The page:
The new European medical device database, known as Eudamed, was originally scheduled to launch in May 2020, but the pandemic caused its implementation to be delayed two years, until May 26, 2022. However, that does not mean that compliance considerations are on hold.
Companies will still have to meet the May 2021 deadline for the Medical Device Regulation (EU MDR), which was also pushed back a year due to COVID-19 in order to prevent the disruption of medical supplies. The new regulations on medical devices (MDR) and on in vitro diagnostic medical devices (IVDR) establish a much wider Eudamed database than the existing one under the current European Directives.
Some modules of Eudamed will be made available to users before the official Eudamed date of application in May 2022, making it possible for economic operators (EO) to start using Eudamed before that date. This will help companies to prepare for full implementation and will also help authorities smooth out unforeseen issues before the date of application.
The new database will have several advantages over the existing Eudamed2, which was introduced in 2011. That database, which acts as a central repository for market surveillance information, is only accessible to the European Commission and the national competent authorities. Since it can’t be accessed by other groups, medical device companies can’t verify their data or check how that data is represented.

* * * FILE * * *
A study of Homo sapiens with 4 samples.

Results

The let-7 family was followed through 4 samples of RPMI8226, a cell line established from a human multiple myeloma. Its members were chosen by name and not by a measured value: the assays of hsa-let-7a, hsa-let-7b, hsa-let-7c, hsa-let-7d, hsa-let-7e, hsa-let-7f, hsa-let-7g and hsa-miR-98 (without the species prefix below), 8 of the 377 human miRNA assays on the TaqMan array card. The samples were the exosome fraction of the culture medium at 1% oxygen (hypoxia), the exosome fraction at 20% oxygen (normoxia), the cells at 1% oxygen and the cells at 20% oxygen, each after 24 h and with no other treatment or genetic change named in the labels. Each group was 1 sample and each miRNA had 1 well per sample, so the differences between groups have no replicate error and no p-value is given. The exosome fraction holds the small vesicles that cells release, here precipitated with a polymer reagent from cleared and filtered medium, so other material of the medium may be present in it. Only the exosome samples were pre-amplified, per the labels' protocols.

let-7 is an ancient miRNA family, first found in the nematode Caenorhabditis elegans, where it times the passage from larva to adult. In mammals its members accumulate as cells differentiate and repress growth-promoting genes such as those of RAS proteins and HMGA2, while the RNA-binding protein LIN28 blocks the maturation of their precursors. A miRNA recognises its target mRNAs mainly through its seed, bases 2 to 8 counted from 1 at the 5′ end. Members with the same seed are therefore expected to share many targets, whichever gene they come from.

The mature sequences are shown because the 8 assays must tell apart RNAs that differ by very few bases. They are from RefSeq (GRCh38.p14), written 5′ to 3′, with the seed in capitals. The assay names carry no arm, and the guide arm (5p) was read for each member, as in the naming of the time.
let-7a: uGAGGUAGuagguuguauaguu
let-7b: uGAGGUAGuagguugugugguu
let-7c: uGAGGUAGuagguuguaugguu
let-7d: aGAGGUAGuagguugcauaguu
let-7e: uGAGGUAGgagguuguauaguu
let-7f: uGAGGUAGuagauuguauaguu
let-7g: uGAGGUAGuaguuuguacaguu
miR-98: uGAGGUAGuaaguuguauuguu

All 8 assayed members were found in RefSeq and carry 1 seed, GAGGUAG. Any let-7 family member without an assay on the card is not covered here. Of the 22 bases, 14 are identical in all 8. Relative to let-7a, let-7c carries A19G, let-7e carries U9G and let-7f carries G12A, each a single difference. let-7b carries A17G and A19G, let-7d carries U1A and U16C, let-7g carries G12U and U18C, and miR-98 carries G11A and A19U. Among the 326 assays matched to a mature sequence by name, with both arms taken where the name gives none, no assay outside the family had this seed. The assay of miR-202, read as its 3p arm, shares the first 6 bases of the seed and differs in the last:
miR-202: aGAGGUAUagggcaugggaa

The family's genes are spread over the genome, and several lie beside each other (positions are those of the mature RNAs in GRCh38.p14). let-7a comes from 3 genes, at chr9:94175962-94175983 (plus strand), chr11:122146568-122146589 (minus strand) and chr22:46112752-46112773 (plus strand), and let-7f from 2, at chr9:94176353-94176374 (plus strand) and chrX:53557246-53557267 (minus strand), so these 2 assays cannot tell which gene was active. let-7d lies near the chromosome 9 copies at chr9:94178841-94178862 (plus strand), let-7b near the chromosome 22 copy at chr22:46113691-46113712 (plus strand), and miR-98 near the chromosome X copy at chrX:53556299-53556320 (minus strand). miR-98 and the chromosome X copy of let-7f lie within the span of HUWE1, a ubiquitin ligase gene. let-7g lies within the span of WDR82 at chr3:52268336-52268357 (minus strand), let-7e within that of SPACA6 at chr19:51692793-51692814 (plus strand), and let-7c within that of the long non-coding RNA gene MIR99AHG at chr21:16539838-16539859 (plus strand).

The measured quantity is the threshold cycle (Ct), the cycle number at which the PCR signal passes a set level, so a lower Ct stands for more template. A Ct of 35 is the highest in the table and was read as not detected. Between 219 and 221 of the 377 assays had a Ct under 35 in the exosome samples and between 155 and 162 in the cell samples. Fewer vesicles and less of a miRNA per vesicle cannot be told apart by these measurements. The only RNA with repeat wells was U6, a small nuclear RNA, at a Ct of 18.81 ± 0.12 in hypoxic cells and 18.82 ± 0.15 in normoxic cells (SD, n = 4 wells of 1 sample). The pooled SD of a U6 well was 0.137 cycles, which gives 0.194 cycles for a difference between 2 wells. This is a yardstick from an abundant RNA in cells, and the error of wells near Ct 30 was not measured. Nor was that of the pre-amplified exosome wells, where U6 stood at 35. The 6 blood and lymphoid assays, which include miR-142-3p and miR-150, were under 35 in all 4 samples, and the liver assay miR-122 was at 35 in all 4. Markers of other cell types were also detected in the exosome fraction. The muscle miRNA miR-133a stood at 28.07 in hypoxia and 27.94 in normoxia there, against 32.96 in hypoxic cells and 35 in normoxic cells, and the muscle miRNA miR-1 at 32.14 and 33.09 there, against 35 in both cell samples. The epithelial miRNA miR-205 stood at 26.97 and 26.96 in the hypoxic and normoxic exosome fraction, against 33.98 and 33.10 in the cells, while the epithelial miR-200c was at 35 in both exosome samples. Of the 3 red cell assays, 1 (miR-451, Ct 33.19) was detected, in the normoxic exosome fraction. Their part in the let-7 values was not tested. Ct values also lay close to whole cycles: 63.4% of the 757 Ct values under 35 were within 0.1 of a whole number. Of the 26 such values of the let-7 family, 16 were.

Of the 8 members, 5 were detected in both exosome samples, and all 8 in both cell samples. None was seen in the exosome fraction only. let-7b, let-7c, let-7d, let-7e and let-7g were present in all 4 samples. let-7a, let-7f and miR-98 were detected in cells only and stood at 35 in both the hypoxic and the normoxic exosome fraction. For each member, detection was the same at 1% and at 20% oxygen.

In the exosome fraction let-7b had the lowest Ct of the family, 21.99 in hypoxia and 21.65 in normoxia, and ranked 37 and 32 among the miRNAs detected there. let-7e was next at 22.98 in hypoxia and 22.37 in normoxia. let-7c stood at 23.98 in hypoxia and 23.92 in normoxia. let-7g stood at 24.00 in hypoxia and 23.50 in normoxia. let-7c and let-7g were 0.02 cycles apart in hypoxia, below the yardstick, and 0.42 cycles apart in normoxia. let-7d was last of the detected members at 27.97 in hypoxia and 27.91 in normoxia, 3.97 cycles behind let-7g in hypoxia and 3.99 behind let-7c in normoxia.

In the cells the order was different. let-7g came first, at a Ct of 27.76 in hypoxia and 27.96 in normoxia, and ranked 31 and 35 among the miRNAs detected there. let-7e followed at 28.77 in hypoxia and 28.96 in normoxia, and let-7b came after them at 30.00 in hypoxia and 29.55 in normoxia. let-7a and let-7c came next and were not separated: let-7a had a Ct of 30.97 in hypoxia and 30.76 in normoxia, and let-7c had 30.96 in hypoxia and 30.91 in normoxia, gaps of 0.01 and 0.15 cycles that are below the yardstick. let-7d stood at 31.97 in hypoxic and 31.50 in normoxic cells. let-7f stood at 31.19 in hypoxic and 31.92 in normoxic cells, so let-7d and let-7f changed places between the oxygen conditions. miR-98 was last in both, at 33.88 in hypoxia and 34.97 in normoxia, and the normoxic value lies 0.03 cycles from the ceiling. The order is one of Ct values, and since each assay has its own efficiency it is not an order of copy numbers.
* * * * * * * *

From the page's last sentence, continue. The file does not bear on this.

Eudamed consists of seven databases working together, and part of Eudamed will be publicly accessible. While the European Commission is responsible for Eudamed, users will all be responsible for their own content. There will be an extensive amount of information collected and transmitted electronically as well as a mandate to use unique device identification (UDI). The challenge of how to keep track of devices placed on Europe’s borderless but sovereign markets is addressed by a combination of mandatory inputs by Notified Bodies, EOs, and member states into Eudamed.
Eudamed will be part of a system of several databases, closely interacting with each other:
- Economic operators
- Certificates (issued, suspended, withdrawn, etc.)
- Clinical Investigations
- Vigilance (incident reports and Field Safety Corrective Actions, but also Periodic Safety Update Reports)
- Market Surveillance
Closely linked to Eudamed are the databases with nomenclature for medical devices and for incident reporting. Lastly, the database with Notified Body information, NANDO, will be related to Eudamed although it will remain independent and controlled by the European Commission.
The delay in Eudamed implementation has been viewed by many in the medical device industry as a positive. Companies with MDR Eudamed projects in the works have gained valuable time to prepare for the changes coming in regulatory compliance requirements; however, there is no reason for companies to slow down or postpone projects, especially since there is a tendency to underestimate project complexity. The consensus seems to be that manufacturers should keep moving forward in gaining expertise and preparing their submissions in advance of the May 2022 Eudamed launch.
If you would like to learn more about Eudamed as well as EU MDR and IDVR changes, please contact the European regulatory experts here at MEDIcept.